Pearcedale Hardware is closing today and the ABC has published a deep-dive into why:
For many residents in the quiet township of Pearcedale, the local shops are the heart of the community.
On this weekday, the complex an hour’s drive south-east of Melbourne is beating strong.
Shoppers exchange cheerios across the car park and small talk about the impending rain as they bustle, car keys in hand, between the 13 shops.
The shop was their retirement plan. They hoped to rebrand it and work towards selling it, believing they could get a few hundred thousand dollars.
But they say things began to look shaky when their lease lapsed in 2019, and the owners wouldn’t sign a new agreement with them.
They were on a month-by-month arrangement, when in May this year their property agent emailed them a new leasing agreement.
“[I was in] disbelief. I couldn’t believe what they were asking,” Adrian says.
The landowners were tripling the rent — from $29,687 a year to $88,638 a year.
Be sure to read the whole story.
There are many good landlords out there who go above and beyond for their small business tenants. There are also plenty of landlords who suck.
This story is a reminder that we small business retailers sign our leases, accepting the terms and conditions, accepting the risk.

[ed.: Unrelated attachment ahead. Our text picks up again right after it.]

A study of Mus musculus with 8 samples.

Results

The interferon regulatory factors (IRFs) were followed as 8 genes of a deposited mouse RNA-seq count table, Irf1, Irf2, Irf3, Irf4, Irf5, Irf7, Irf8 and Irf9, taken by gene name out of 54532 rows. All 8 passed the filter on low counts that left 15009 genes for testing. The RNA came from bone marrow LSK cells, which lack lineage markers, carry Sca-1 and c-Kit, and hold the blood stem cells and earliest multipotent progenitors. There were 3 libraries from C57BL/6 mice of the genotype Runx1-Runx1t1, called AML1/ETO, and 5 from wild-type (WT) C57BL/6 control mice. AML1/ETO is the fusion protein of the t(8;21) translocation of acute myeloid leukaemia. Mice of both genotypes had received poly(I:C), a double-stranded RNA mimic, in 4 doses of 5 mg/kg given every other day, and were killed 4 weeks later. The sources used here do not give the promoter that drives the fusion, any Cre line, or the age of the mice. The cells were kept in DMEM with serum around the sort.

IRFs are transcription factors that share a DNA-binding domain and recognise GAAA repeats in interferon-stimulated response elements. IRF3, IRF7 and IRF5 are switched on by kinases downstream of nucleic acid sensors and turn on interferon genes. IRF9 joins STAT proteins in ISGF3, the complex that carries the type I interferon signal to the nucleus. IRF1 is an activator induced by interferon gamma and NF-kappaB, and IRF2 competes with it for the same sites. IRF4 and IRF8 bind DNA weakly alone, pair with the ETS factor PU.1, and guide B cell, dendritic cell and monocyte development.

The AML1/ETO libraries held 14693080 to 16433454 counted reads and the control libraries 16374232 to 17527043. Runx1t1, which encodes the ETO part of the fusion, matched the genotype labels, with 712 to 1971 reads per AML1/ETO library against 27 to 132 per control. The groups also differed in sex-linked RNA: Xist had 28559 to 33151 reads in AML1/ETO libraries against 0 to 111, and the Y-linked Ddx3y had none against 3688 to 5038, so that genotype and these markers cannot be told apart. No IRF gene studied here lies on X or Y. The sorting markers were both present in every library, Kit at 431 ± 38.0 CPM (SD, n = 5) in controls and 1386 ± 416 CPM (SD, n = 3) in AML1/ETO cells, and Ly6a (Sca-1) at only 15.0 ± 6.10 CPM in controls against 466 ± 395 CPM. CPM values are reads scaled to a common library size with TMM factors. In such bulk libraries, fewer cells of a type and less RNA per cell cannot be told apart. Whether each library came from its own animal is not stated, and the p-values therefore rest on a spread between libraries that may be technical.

When a lease goes to month-to-month, that’s what it is. We need to manage our business with that expectation and do our own planning, rather than relying on a decision from the landlord.
I appreciate it can be difficult and challenging. But, it’s best we expect the worst and plan for it, to protect ourselves and our business as much as we can … because, too many landlords do suck.
Retail is fundamentally changing in ways we can see and, more importantly, in ways we cannot see. We have to be as far ahead of that curve of change as we can be. This means disrupting your own businesses. Running a shop with one prime source of income (the shop) is an out of date model. we seen to diversify as to what people buy, how they buy and the locations they buy from in the retail world today. This approach spreads the risk.
Back in the day, opening the front door of your local shop was the key marketing activity. Not now. Not for many years.
I have been in the situation of the folks at Pearcedale Hardware, facing a massive rent hike. I said no thanks. I am lucky to have a diverse business such that closing one shop would not hurt too much. But … I evolved the business to be that, to not rely on one location.
I appreciate many local small business retailers don’t feel they can do that due to capital, local situation or other factors. But, there are ways to insulate your business from the impact of a massive rent hike. The time to seek those ways out is long before you need to … and that is the core point I’d make today.